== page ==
I often grow my fall transplants for a month inside, potting them up once during that time. My goal is to have them in the garden by July 15th. But this year I took a different tact. I had a lot of empty space in the brassica bed. So I transplanted them out yesterday as much smaller transplants.
I'm not sure how well they will do in the coming hot spell that is predicted. I hope I haven't made a mistake doing this. But you never know how things do until you try it.
The first chore was to rip out any plants that were still left. Most got harvested, but I had two red cabbages that never grew well and never headed up. Out they went. Once they were out I added a bucket of compost to the 5'x4' area and some organic fertilizer and mixed it in a bit.
When I planted them I put three michihili cabbage across the four foot bed. I put them along the chard since I figured the chard could handle their aggressive nature. On the other side I put two Rubicon Chinese cabbages. Last time they handled competition with them just fine so I figured they could do it again. On the way other side I put the two red cabbages. Now they are just competing with some choy sum which isn't much competition at all. And they will be ripped out in a month anyway. I'm hoping that giving the Michihili so much competition and lack of space will dwarf the plants a bit. And I might well pull one or two of them early.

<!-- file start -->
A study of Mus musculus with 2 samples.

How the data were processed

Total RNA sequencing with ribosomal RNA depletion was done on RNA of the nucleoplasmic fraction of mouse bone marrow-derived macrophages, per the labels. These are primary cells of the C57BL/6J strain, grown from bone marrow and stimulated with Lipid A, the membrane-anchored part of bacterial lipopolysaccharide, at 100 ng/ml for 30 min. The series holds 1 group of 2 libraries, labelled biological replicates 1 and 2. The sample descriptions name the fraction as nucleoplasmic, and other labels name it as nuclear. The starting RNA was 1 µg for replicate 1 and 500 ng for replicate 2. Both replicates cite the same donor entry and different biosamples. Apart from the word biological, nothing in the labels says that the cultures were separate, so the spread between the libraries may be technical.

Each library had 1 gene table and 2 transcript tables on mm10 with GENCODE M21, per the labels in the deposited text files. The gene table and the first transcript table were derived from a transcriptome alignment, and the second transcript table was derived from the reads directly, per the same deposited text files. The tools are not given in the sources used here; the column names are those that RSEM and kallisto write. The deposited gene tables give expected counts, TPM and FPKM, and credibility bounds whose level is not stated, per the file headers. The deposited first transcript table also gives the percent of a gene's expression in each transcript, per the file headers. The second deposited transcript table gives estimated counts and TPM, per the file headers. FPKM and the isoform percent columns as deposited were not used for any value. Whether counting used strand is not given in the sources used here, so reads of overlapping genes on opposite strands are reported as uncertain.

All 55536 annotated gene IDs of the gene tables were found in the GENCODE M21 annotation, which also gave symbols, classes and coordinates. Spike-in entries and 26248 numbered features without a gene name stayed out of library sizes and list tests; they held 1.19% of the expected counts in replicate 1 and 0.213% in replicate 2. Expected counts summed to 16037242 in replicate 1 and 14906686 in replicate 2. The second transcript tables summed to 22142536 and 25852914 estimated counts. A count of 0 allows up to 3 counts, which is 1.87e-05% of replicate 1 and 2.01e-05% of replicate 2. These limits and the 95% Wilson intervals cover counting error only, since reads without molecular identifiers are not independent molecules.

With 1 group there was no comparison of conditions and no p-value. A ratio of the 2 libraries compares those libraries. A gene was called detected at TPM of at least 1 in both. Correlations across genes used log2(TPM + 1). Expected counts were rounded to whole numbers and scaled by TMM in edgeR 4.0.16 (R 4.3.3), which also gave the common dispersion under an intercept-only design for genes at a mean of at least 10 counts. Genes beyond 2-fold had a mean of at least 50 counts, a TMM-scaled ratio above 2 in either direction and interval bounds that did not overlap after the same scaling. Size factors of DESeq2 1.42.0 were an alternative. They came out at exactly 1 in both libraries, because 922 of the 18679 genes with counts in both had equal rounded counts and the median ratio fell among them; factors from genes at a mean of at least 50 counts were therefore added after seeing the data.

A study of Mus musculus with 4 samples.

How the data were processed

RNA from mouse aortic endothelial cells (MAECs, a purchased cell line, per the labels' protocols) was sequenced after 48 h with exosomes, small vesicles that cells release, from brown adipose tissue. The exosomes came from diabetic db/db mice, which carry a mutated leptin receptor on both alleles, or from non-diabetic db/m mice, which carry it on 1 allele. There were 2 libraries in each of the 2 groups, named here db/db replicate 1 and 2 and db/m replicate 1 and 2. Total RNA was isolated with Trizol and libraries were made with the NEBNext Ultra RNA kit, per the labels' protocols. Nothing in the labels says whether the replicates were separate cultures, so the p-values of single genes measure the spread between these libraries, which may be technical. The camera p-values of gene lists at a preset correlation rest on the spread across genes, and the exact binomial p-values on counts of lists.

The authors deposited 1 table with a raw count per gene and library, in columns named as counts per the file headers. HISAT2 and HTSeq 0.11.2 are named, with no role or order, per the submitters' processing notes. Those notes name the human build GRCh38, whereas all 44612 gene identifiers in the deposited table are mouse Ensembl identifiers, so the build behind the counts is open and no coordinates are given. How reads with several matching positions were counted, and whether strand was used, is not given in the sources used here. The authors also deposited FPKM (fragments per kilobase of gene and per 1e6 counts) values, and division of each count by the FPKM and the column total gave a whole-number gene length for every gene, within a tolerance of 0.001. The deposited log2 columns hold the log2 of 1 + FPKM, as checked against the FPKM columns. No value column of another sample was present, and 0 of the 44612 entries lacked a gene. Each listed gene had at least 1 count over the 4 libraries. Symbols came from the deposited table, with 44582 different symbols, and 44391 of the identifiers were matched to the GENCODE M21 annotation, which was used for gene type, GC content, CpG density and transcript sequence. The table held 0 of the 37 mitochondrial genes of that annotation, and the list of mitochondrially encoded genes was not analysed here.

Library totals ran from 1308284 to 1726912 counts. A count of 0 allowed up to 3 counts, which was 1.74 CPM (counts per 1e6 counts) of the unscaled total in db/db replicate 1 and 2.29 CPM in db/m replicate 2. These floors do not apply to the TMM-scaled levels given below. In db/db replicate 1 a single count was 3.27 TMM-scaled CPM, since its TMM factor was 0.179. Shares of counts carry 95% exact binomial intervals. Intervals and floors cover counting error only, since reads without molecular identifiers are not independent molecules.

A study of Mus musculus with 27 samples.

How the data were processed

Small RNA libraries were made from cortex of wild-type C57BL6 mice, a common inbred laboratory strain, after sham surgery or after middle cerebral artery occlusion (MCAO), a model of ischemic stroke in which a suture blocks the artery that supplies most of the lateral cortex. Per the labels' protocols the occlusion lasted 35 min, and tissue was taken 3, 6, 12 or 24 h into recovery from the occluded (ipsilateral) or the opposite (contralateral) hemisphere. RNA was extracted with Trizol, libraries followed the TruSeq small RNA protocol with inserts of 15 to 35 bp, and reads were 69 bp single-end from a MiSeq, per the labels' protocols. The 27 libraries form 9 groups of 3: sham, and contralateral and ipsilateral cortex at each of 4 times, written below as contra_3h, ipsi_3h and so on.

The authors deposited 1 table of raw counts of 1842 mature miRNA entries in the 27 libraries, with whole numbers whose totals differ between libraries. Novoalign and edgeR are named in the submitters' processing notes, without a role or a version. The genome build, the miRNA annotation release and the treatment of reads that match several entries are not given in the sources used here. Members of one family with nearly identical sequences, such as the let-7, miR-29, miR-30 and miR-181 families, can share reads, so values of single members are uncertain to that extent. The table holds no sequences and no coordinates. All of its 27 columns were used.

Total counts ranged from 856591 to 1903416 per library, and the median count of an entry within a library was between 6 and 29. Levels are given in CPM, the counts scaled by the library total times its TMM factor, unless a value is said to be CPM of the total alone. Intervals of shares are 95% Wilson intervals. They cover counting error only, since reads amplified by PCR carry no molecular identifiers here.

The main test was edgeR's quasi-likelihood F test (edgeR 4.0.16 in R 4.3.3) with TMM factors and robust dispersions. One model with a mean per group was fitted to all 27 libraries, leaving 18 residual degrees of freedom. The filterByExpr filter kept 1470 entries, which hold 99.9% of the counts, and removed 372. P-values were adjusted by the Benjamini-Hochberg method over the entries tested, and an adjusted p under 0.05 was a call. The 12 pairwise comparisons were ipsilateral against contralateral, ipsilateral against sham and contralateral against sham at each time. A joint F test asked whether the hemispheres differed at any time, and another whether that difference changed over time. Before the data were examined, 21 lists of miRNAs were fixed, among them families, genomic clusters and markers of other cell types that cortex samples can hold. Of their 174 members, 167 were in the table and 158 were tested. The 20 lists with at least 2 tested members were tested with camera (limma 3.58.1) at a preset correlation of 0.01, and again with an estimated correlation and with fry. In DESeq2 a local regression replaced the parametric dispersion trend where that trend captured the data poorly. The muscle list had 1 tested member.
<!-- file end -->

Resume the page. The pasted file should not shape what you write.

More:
As I was wandering around the garden doing odd chores I noticed the Heinz tomatoes. Can you see the Cherokee Purple that got mislabeled? That isn't good. The Heinz are determinates that will get pulled out early. They won't last long in the season. Near the end of August their space will be planted in spinach.
I'm also finding I hate two rows of tomatoes down the length of the bed, even with one of them being Heinz. I'm never going to find the tomatoes in there. I've got a lot of work to trim out the bottom branches to make them even partially accessible. Next year I'm going back to mixing my peppers and tomatoes in a bed. Peppers in the front makes life more bearable.
These are a patch of mixed sunflowers. So I'm not sure what I'll get. But if I save seed, next year it might be even more of a mixed up mash of different kinds. I'll have to pay attention to which ones I like best and get more seed from them.